The financial industry has long been the preserve of the elite in society, both in the UK and more globally. This group, unsurprisingly, is chiefly composed of white men who often come from privileged backgrounds (hands up: I am a white man). The numbers are stark, with women accounting for over half of employees at 50 of the world’s biggest banks, insurers, asset managers and professional services, but just 25% of senior positions (FT, 2018). I found that statistics are hard to come by for black, Asian minority ethnic (BAME) people in financial companies – which may be telling in itself. As a proxy, Sir John Parker’s report ‘Beyond one by 21’ into BAME diversity on company boards found that only 85 (8%) of the 1,050 directors in the FTSE 100 index were from a minority ethnic background, while 51 companies did not have any black and minority ethnic board members
Diversity is severely lacking in all sectors but this particularly true of financial services. This has a number of impacts including but not limited to (i) companies suffering from group think lack different perspectives and as a result make inferior decisions (ii) the best people don’t get available jobs which creates inefficiency. This situation has turns leads to poorer financial performance relative to more diverse peers (McKinsey, 2015).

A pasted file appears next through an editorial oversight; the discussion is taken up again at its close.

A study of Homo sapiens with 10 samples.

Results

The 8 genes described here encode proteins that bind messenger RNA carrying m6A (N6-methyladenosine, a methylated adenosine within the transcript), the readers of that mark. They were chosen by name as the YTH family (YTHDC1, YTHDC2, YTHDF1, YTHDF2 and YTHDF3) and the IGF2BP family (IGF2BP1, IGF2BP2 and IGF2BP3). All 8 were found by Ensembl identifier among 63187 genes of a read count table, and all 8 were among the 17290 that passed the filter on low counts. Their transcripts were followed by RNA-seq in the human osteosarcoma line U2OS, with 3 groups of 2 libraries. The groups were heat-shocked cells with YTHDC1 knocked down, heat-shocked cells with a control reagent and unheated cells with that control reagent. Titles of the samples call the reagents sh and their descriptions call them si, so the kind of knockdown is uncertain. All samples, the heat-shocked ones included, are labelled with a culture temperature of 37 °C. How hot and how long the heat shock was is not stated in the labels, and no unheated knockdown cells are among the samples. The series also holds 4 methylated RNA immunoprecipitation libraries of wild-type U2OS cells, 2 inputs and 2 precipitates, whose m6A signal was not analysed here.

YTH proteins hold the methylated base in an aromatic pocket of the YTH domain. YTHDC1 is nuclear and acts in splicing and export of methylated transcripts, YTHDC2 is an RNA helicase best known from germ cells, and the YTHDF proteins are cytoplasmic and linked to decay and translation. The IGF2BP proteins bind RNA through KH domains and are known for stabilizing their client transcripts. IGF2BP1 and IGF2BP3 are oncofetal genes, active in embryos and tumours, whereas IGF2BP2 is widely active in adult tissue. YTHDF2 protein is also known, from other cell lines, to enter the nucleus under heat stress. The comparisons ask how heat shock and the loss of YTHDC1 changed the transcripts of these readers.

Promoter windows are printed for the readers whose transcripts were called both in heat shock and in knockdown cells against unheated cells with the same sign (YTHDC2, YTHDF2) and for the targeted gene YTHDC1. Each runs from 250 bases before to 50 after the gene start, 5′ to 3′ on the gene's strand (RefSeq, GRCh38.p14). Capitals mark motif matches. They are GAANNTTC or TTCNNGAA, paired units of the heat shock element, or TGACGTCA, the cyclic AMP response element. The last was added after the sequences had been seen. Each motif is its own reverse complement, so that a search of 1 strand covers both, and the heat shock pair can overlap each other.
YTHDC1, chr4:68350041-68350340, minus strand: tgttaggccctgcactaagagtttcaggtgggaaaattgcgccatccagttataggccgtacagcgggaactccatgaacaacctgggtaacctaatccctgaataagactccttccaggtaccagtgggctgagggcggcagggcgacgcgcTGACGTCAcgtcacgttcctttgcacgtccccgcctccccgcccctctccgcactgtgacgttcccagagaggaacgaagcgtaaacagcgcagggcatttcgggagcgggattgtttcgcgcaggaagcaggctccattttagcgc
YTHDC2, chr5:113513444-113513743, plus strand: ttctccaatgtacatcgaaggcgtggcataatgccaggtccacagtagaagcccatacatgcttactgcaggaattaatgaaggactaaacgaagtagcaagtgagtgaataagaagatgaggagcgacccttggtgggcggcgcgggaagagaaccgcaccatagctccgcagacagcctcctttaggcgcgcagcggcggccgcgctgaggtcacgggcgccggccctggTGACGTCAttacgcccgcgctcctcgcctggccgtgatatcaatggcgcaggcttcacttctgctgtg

More specific to my sub-sector of the financial services industry, asset management, there is a big issue with diversity and the unfairness when it comes to pay and bonuses. A study published by the 30% Club (a think tank focused on increasing representation of women in senior roles) found that there was a 18-48% pay mean salary gap and even more shocking a 34-86% mean gap in bonus. This is clearly not a fair system, and it will likely take time to increase diversity of all types. One way I can help with this situation is to help people from different backgrounds learn about the profession, the different roles available and the type of skills required for investment positions.
My personal sustainability challenge over the coming years is to encourage people different from myself with a different perspective and background to think about a career in asset management. This will first start by helping my team recruit for new interns through a partnership with a local charity, and then helping those interns from diverse backgrounds to get the most of their time with us in (i) building up there understanding of the roles available to them and what it would take academically (ii) develop their network in the industry and enable them to pursue a fulfilling career in asset management.